Causes of Needle Browning & Needle Shed

Fall Needle Drop on Austrian Pine Photo from University of Nebraska-Lincoln Extension
Yellowing and browning of needles in the fall is a normal occurrence on pine, spruce, cedar and juniper. The discolouration, which affects the older needles closer to the trunk, can begin in early August and continue until freeze up. Needle drop can occur in the fall or over the winter months. In the spring, a large amount of needles may be noticed on the ground underneath the plants.

Conifers do not keep their growth of needles on their branches while spruce keep up to seven years growth. Occasionally, plants will retain their needles for several years before dropping them. The amount of natural shedding can
Fall Needle Drop on Eastern White Pine Photo from University of Nebraska-Lincoln Extension
be greater if the trees or shrubs are placed under any stress such as drought, flooding, insect or mite attack. Needles that are dropped are not replaced; this is why evergreens are bare of needles in the centre of the plant near the trunk.

Other Causes of Browning
There are other reasons for discoloured needles to occur on trees and shrubs. Some of the more common causes are:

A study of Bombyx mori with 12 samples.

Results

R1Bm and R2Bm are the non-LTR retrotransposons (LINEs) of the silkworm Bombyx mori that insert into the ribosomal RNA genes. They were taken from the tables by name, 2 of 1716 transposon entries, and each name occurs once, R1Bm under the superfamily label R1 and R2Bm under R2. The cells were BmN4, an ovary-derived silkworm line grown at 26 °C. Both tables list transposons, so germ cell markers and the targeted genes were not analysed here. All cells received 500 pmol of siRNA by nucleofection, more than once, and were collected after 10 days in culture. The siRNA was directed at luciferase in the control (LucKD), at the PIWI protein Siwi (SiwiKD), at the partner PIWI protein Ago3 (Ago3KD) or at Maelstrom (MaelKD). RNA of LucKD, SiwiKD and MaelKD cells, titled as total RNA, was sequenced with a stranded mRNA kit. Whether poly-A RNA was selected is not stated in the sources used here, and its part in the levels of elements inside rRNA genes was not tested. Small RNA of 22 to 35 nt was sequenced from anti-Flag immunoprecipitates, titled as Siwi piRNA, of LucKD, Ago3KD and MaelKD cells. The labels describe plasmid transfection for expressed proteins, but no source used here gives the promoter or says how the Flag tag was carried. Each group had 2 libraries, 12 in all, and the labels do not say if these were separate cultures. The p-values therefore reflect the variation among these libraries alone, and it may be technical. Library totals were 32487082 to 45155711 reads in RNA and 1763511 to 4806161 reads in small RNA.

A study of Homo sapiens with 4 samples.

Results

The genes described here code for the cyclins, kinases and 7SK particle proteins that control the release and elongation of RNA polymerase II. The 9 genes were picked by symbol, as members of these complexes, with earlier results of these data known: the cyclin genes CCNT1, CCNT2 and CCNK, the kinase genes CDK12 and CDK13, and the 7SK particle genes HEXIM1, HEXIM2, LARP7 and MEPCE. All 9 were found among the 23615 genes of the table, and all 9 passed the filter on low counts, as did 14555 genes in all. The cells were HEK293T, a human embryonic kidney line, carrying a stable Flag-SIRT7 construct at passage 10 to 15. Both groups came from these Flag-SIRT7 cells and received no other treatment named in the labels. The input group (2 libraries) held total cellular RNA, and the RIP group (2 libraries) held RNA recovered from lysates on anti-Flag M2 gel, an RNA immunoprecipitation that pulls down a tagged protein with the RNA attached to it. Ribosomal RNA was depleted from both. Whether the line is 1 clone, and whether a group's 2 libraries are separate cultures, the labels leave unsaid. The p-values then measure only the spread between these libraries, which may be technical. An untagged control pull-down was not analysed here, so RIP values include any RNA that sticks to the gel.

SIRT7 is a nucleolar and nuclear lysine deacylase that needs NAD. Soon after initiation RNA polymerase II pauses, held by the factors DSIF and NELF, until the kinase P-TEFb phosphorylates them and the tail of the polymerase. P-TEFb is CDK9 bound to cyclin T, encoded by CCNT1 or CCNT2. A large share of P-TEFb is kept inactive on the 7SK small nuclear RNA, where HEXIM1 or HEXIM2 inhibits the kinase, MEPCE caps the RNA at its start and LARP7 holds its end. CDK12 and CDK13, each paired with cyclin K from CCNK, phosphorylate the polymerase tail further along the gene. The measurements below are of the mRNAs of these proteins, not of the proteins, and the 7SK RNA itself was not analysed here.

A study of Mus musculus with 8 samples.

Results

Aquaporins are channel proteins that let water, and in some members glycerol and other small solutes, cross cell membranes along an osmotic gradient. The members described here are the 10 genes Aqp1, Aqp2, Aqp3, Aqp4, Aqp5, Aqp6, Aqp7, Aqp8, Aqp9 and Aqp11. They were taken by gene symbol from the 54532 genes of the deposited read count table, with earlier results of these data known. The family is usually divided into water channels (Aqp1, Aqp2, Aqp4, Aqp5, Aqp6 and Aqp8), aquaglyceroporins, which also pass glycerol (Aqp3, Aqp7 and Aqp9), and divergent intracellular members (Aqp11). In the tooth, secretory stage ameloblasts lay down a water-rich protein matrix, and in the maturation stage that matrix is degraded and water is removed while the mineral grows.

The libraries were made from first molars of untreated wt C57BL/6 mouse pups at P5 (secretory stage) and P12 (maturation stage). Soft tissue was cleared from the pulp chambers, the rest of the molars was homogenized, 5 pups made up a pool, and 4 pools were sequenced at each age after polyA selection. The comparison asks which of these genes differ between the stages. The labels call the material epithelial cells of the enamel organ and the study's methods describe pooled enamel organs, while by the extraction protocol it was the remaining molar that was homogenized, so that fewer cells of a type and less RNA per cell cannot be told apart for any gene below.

• Needle cast fungi - causes needle drop in pines and spruce in the spring or early summer. Needle browning appears on the newest growth and moves inwards on the branch. The large number of lost needles gives the plant a sparse and straggly appearance. If the disease is severe, all that may remain are tufts of needles at the ends of the branches. When the disease progresses to this point, the plant cannot produce enough food and it slowly dies.
  • Small, black, oval fruiting bodies - may be seen in the straw-coloured areas on the infected needles. These fruiting bodies produce spores which will spread the infection. If chemical control is to be used, it must be applied just before the spores are released. Therefore, proper identification of the fungus is necessary. Non-chemical control involves raking up and destroying all fallen needles.
  • Dog urine - damage is most frequently seen on the lower one metre of cedars, although junipers and other small ornamental trees and shrubs may be affected. With cedars, the branches of needles turn black and die. Injured branches can be pruned off.
  • Winter injury - causes browning or reddening of needles and is most noticeable in the spring. Do not apply excessive amounts of nitrogen fertilizer in late summer and fall. This will promote succulent growth that may not mature before winter.
  • Insect pests and mites - can also cause yellowing and browning of needles throughout the growing season. For more information on these pests and their control, see the Alberta Agriculture and Rural Development website.